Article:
Travel Refunds in a Covid Crisis

April 3, 2020

One of the most significant impacts of the coronavirus pandemic is the effect that it has had on travel.  The collapse of Flybe, the grounding of all EasyJet planes and the suspension of all Gatwick flights by British Airways, and the closure of all Condor Ferries’ passenger routes, means that Jersey is almost completely cut off for passenger travel.  Islanders who have booked travel, whether for business or leisure, and those who were looking forward to a foreign holiday, will obviously be concerned to know whether they are able to claim a refund and what their rights are in this respect.  Condor Ferries were reported in the press yesterday (2nd April 2020) as offering vouchers to passengers for cancelled holidays as opposed to refunds.  Other travel and holiday operators have made similar offers of vouchers.  Understandably, given the uncertainty surrounding the future course of the pandemic, most Islanders would prefer to get their money back.

Flights and Ferry Journeys

Provided that your journey commences or ends in an EU Country, you are covered by EU passenger rights legislation.  Notwithstanding Brexit, these remain in force for journeys commencing or ending in the UK during the Brexit transition period (currently slated to end on 31st December 2020).  Different EU regulations apply to airline and ship passengers.  However, under both regulations, passengers who face the cancellation of their journey by the operator can choose between reimbursement of the ticket price or re-routing to reach their final destination at a later stage.  It should be said that the option of re-routing is probably going to be (understandably) very difficult for operators to provide at present!

 Under EU regulations, if an airline or ferry company cancels a journey, passengers can also be offered vouchers.  Importantly, passengers are under no obligation to accept the voucher.  Passengers are entitled to demand a full refund.  Many airlines are offering the ability to rebook or obtain a voucher online.  Those wishing to seek a refund are usually required to telephone or write to the company concerned.  For example, Condor Ferries’ booking terms and conditions state that: “a refund will only be paid if an application is submitted in writing to the Company together with a copy of the booking confirmation within two months of the date of departure.”  Given the volume of calls, passengers are likely to experience a degree of delay (and frustration) when trying to get through to their operator.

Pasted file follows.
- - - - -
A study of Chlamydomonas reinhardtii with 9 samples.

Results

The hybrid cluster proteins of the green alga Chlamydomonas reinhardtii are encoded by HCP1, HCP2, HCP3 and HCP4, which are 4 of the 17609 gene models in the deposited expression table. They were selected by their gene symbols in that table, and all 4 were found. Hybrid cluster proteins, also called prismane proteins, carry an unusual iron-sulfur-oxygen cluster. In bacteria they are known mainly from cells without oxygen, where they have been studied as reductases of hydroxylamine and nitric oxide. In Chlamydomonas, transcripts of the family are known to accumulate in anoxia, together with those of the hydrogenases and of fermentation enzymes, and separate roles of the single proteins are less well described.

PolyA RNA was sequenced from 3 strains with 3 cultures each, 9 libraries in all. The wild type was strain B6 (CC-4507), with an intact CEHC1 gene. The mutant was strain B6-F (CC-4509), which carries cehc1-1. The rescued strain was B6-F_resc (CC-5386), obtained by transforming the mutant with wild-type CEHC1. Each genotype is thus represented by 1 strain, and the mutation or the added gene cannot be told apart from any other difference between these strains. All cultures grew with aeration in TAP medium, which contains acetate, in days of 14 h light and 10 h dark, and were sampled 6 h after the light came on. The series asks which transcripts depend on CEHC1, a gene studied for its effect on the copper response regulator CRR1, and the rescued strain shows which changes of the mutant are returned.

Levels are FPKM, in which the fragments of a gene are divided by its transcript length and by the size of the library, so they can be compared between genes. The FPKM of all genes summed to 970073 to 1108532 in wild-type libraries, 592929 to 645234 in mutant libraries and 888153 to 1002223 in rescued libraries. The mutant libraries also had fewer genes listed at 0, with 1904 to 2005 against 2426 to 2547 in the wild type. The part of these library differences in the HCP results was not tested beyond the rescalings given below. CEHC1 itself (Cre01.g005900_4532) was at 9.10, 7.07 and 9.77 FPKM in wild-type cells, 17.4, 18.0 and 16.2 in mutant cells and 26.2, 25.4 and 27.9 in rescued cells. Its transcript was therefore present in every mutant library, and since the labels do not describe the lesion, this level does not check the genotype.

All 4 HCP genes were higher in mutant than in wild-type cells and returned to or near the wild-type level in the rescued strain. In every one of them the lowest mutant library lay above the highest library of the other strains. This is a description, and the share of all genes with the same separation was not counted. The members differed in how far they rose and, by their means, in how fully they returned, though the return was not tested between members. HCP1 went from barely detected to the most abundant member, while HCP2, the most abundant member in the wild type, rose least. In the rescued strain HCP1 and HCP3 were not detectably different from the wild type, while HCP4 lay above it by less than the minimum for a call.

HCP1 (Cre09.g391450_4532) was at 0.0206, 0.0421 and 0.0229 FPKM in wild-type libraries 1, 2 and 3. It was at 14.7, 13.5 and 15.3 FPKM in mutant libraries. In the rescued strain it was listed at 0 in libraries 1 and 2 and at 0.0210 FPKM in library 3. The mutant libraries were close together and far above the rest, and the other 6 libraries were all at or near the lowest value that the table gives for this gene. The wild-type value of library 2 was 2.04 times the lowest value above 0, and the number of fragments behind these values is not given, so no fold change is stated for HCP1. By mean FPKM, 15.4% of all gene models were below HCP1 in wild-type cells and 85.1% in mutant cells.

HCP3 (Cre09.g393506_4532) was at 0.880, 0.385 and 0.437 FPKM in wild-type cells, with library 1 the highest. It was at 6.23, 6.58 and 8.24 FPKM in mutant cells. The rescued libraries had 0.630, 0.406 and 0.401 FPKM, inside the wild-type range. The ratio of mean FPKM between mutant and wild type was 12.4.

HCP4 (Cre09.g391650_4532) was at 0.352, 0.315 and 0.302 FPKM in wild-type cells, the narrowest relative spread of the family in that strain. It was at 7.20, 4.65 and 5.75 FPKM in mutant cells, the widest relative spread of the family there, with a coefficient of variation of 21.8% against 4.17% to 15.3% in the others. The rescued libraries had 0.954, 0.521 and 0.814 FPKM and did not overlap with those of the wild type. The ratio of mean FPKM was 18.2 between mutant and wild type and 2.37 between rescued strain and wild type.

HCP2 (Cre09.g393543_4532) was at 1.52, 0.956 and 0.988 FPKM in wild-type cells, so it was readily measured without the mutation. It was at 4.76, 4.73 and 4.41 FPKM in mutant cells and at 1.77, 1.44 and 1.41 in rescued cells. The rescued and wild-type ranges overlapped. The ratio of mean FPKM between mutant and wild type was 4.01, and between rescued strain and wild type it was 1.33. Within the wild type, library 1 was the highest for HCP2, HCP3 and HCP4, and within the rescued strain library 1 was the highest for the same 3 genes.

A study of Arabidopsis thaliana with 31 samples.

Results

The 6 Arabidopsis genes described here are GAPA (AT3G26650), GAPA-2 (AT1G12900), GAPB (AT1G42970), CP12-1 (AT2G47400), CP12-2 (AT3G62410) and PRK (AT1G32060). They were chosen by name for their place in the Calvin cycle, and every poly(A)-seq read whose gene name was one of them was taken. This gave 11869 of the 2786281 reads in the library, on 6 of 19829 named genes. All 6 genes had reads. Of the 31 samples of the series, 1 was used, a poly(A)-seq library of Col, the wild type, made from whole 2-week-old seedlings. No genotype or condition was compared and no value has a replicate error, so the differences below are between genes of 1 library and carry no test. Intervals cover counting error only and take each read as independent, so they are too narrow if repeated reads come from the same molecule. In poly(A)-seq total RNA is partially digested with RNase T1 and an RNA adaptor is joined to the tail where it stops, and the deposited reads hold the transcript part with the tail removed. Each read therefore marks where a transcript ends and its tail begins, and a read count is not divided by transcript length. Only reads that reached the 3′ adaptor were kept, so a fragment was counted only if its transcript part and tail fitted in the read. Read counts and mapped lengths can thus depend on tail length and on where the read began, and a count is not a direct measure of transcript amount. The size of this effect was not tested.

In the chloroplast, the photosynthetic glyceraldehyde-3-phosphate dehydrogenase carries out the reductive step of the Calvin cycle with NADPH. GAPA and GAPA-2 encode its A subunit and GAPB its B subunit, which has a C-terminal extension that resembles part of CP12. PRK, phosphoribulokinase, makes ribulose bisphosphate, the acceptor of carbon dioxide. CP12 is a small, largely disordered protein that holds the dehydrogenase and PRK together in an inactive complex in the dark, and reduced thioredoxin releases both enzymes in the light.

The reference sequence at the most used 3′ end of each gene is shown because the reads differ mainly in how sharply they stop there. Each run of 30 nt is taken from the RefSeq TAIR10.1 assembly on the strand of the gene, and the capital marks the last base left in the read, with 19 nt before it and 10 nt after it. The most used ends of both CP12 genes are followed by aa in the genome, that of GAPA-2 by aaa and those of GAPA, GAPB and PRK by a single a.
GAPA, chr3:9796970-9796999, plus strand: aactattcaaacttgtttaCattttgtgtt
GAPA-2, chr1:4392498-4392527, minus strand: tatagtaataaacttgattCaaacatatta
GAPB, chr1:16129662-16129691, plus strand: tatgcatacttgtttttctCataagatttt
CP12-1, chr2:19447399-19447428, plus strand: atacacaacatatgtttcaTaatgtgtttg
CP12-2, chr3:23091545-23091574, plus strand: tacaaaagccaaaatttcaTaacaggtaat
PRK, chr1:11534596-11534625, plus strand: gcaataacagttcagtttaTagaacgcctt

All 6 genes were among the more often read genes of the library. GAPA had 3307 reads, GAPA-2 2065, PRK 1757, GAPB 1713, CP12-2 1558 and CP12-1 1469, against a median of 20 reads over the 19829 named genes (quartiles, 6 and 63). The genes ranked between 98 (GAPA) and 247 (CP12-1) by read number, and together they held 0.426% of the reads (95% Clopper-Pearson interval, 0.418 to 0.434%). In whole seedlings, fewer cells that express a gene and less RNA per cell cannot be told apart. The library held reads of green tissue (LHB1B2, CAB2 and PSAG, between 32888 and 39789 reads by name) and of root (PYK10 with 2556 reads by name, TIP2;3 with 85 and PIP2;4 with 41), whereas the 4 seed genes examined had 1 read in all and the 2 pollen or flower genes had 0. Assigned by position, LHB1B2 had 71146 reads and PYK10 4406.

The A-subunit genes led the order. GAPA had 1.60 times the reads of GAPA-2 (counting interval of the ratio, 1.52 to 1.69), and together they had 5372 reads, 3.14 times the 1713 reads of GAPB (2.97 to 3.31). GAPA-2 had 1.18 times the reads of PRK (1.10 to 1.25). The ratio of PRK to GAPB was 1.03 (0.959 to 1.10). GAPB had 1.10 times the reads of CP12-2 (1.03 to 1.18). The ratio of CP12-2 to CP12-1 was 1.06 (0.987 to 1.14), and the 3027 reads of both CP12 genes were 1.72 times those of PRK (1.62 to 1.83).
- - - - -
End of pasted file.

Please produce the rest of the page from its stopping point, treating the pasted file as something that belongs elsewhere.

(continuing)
Obviously this is a very difficult time for the travel industry.  For the travel industry, and all industries during the pandemic, cash is king.  It is understandable that operators are encouraging passengers to accept vouchers as opposed to cash refunds in an effort to conserve their cash reserves.  It may be that a better overall deal can be achieved by those passengers content to accept a voucher and to rebook at a later date.  Importantly, however, passengers cannot be compelled to accept vouchers and are entitled to a full refund.

Package Holidays

Package holidays remain hugely popular and the disruption caused by the pandemic will have thwarted the holiday plans of many.  If your trip is cancelled and you booked through a UK-based package holiday provider then you are entitled to a refund.  Under the UK Package Holiday and Travel linked Regulations, this refund should be paid within two weeks of the date of cancellation.  As with travel operators, many package holiday providers are also trying to conserve cash by seeking to persuade passengers to accept credit notes instead of refunds.  More protection is afforded to consumers with a credit note than that which is afforded by a voucher.  The Association of British Travel Agents has confirmed the Credit will be protected by ABTA and/or ATOL schemes provided the original booking had that protection.  This means the consumer is protected in the event that a credit note has been accepted and the operator should subsequently fail.

On a final note of caution, if you choose to accept a voucher, beware they are likely to have conditions including an expiry dates attached to them which could render them worthless after a certain period of time.